A Hezbollah member carries a mock rocket next to a poster of the group's leader, Hassan Nasrallah.
(photo credit: REUTERS)
Reports that Iran is building workshops and facilities to make advanced rockets inside Lebanon is a “huge development” that constitutes a “whole new kind of threat,” Chagai Tzuriel, director- general of the Intelligence Ministry, said Monday.
Tzuriel, at a briefing organized by The Israel Project, attributed the reports to a Kuwaiti newspaper, but seemed to accept their veracity. If true, it would mean the Iranians and Hezbollah are trying to get around the difficulty of transferring arms over land through Syria to Lebanon by manufacturing them there instead. Israel reportedly, on a number of occasions, has attacked convoys moving potentially “game-changing” armaments over land through Syria.
In addition to the weaponry, Iran continues to provide Hezbollah with $1 billion a year.
Tzuriel said Hezbollah has an estimated 6,000 to 7,000 of its best fighters in Syria, and has lost approximately 1,700 men in the war there with thousands others wounded.
Hezbollah official says Israel is closer than ever to its demise (credit: MEMRI)
Today, Tzuriel said, the most important strategic issue in the region for Israel is not Iran’s nuclear capability, but rather “Iran in the region.”
The nuclear issue is “always high on the agenda,” but it is a threat that – because of the deal reached with the US in 2015 – will become more dangerous in five, eight and 10 years. But more immediately pressing, he said, is Iran’s efforts to build a land bridge stretching from Iran, through Iraq, Syria and then into Lebanon – a land bridge that could be complete in the near future when Mosul is expected to be wrenched free of Islamic State control.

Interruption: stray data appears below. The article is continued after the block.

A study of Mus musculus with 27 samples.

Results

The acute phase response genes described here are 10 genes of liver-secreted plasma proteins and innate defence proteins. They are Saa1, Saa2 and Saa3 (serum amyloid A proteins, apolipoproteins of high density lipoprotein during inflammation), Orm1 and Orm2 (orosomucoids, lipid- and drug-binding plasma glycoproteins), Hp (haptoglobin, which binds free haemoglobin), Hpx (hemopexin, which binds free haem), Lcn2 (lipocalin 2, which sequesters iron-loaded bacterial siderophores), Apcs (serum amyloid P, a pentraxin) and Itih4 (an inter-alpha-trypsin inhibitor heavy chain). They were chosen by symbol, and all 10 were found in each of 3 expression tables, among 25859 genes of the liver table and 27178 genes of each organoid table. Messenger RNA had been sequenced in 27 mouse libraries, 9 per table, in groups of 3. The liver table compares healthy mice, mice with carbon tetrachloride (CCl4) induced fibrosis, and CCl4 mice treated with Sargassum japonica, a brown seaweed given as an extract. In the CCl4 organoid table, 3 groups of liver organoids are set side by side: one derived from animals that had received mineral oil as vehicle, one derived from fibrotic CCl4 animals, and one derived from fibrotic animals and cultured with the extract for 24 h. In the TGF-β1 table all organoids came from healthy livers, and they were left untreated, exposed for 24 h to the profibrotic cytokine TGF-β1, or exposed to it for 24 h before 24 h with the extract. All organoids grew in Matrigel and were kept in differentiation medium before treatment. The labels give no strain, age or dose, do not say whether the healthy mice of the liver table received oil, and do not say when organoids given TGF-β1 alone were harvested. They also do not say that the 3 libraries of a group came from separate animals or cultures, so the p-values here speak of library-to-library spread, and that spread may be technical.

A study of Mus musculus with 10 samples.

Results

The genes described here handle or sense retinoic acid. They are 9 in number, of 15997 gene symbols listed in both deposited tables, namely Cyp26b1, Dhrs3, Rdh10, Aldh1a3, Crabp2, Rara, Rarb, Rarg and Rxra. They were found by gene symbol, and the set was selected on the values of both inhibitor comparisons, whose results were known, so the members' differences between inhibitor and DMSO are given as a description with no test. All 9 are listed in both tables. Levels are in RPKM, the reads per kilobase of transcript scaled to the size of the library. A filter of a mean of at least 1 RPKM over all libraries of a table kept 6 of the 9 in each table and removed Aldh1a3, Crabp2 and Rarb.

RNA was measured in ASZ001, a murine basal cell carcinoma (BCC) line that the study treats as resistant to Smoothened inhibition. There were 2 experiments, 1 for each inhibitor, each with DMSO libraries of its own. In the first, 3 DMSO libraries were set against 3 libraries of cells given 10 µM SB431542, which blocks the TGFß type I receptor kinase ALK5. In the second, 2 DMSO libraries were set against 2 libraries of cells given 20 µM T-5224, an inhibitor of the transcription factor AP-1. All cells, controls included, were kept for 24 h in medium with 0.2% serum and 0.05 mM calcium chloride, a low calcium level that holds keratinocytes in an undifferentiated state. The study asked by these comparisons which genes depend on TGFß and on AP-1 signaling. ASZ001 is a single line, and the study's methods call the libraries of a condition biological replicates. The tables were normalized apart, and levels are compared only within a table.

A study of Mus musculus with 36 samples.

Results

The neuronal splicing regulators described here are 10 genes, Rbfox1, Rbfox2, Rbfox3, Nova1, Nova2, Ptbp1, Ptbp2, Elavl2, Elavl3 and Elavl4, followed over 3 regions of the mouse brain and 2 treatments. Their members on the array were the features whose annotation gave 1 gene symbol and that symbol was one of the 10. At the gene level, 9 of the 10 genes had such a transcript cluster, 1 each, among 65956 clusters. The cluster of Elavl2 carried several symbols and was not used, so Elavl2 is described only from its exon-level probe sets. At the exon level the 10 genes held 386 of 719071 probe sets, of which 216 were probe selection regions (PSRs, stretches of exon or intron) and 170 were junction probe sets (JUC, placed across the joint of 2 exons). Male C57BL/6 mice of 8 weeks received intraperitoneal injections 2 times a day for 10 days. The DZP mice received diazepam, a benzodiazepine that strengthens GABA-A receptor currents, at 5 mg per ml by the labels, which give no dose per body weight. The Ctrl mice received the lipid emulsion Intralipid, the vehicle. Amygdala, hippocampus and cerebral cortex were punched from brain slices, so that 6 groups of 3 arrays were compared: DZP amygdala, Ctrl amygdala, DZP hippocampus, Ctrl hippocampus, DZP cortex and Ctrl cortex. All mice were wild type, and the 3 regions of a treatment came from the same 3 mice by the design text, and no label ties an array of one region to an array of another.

“The greatest state threat facing Israel is Iran,” he said. “The greatest non-state threat comes from Hezbollah, it has the greatest damage potential. And the greatest non-state threat in terms of volatility is Hamas. Gaza is volatile both militarily, as well as from a humanitarian point of view.”
With that being said, the most important strategic arena right now is Syria, he added, calling it a “microcosm of much of the international regional and local relationships and power balances.”
What happens in Syria – where the world superpowers are vying, as well as regional powers, local elements, and a diverse group of ethnic and religious groups – “will influence to a large extent what happens in the region and the world,” he said.
“Syria is an exporter of terrorism and refugees and immigrants, and just that has already changed the social and economic make-up or reality in the neighboring countries, specifically Jordan, but also in Lebanon and other countries,” he said. “I think we can say that it changed the political and social fabric in Europe, and I think it would not be far fetched to say it influenced, to large extent, the Brexit and the elections in the US.”
According to Tzuriel, the most important development in Syria of late has been the strengthening of the Iranian- Shi’a axis there. Jerusalem, he said, believes that if Iran bases itself in Syria over the long run it will be a constant source of friction not only with Israel, but also with the Sunni majority in Syria, Sunni countries outside Syria and Sunni minorities outside the region.
Regarding Russia’s involvement in Syria, Tzuriel said it is “a dominant player and is not going anywhere. I think their profile may change, but they are here to stay. We need to understand this and cope with it. For us, Russia is not an enemy, despite selling advanced weapons to Iran.”
He added: “The dialogue we have with Russia, alongside our most important dialogue with the US – our most important strategic partner – has the potential of influencing the outcome of the final future picture in Syria.”